Several septic systems in the township are failing, officials say.
By IAN HILL
VINDICATOR STAFF WRITER
CANFIELD -- Township officials say they hope to have final cost estimates by the end of October for a project that would provide sanitary sewer service to a rapidly growing area.
The projects call for sanitary sewers to be installed north of Shields Road between Interstate 76 and state Route 11. State Route 46 runs through the middle of the project area.
Township Trustee Bill Reese said that developers have bought most of the available land along state Route 46 in the township and that he expects as many as 350 to 450 homes to be built in the area in the next several years.
Canfield Township is expected to be the top community in Mahoning and Trumbull counties for single-family housing construction this year.
Between 80 and 100 residents attended a meeting about the sewer project Wednesday night, and about 80 percent of those residents supported it, said Reese and Mahoning County Sanitary Engineer Joe Warino.
Both said they expected to have additional public meetings on the project once the cost estimates are completed. Warino said his office and the township also may conduct a survey by mail to determine if residents would support a sewer project.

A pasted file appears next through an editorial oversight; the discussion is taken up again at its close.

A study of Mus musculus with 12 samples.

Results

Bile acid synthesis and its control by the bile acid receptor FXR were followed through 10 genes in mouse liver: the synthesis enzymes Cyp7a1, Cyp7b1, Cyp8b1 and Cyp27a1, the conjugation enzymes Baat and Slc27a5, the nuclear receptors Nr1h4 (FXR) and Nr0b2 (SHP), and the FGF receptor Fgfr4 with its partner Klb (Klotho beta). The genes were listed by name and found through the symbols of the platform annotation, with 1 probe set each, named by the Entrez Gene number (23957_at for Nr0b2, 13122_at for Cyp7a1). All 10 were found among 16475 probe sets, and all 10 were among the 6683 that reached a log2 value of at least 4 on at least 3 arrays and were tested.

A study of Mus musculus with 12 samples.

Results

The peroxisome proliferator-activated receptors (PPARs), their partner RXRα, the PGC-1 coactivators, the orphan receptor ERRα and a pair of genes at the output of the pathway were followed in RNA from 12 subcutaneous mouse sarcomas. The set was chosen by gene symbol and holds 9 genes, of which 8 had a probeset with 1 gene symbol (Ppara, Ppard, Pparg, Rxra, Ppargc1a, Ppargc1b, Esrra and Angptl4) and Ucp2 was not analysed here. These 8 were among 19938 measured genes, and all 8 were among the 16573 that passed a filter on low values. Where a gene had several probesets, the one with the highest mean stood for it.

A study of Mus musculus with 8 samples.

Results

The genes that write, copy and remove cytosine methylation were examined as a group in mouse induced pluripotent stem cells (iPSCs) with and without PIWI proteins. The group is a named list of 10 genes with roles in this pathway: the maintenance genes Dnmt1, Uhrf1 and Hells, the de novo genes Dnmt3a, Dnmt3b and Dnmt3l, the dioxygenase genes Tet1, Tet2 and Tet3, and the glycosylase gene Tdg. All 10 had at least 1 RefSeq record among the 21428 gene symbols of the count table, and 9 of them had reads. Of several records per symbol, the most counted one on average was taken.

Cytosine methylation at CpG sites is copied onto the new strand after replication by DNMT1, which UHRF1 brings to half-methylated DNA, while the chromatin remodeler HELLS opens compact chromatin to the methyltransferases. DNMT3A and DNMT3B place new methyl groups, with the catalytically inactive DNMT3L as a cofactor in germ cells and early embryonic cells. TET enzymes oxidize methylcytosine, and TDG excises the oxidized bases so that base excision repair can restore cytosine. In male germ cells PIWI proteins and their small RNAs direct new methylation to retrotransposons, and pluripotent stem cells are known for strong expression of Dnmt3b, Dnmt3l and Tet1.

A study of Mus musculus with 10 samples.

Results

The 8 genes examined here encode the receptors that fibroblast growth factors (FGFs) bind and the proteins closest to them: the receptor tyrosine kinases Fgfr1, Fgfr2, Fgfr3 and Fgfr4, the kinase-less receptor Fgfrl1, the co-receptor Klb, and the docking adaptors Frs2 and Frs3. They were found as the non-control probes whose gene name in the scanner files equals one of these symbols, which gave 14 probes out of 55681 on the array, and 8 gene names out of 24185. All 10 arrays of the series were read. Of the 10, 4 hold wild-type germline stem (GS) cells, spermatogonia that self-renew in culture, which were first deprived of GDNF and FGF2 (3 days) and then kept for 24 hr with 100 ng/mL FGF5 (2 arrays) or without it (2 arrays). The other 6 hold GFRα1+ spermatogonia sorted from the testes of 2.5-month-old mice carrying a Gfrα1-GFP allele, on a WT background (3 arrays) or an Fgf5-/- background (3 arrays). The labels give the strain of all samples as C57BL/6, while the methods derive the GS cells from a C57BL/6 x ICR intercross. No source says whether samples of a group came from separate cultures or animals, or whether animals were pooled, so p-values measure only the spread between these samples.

Three areas of concern
The project discussed Wednesday night is different from the sewer proposal presented at a meeting at the Messerly Road fire station in May. Warino said there are three sections of the township that most likely will need sanitary sewers in the near future: the area discussed Wednesday, the area around Tippecanoe Road and U.S. Route 62 that was discussed at the May meeting, and the Cayman Bluff area off North Palmyra Road.
Both Warino and Reese noted that several septic systems in those areas are old and failing, and that county, state and federal environmental and health agencies could order the township to install sewers in the future because of septic system pollution.
Warino said his office would like trustees to determine where sewers should be installed first. Township officials most likely would apply for a state Issue 2 grant to help pay for the projects.
Homeowners would have to pay for some of the work through assessments. Warino also noted that his office wants to work with developers in an effort to reduce the cost to homeowners.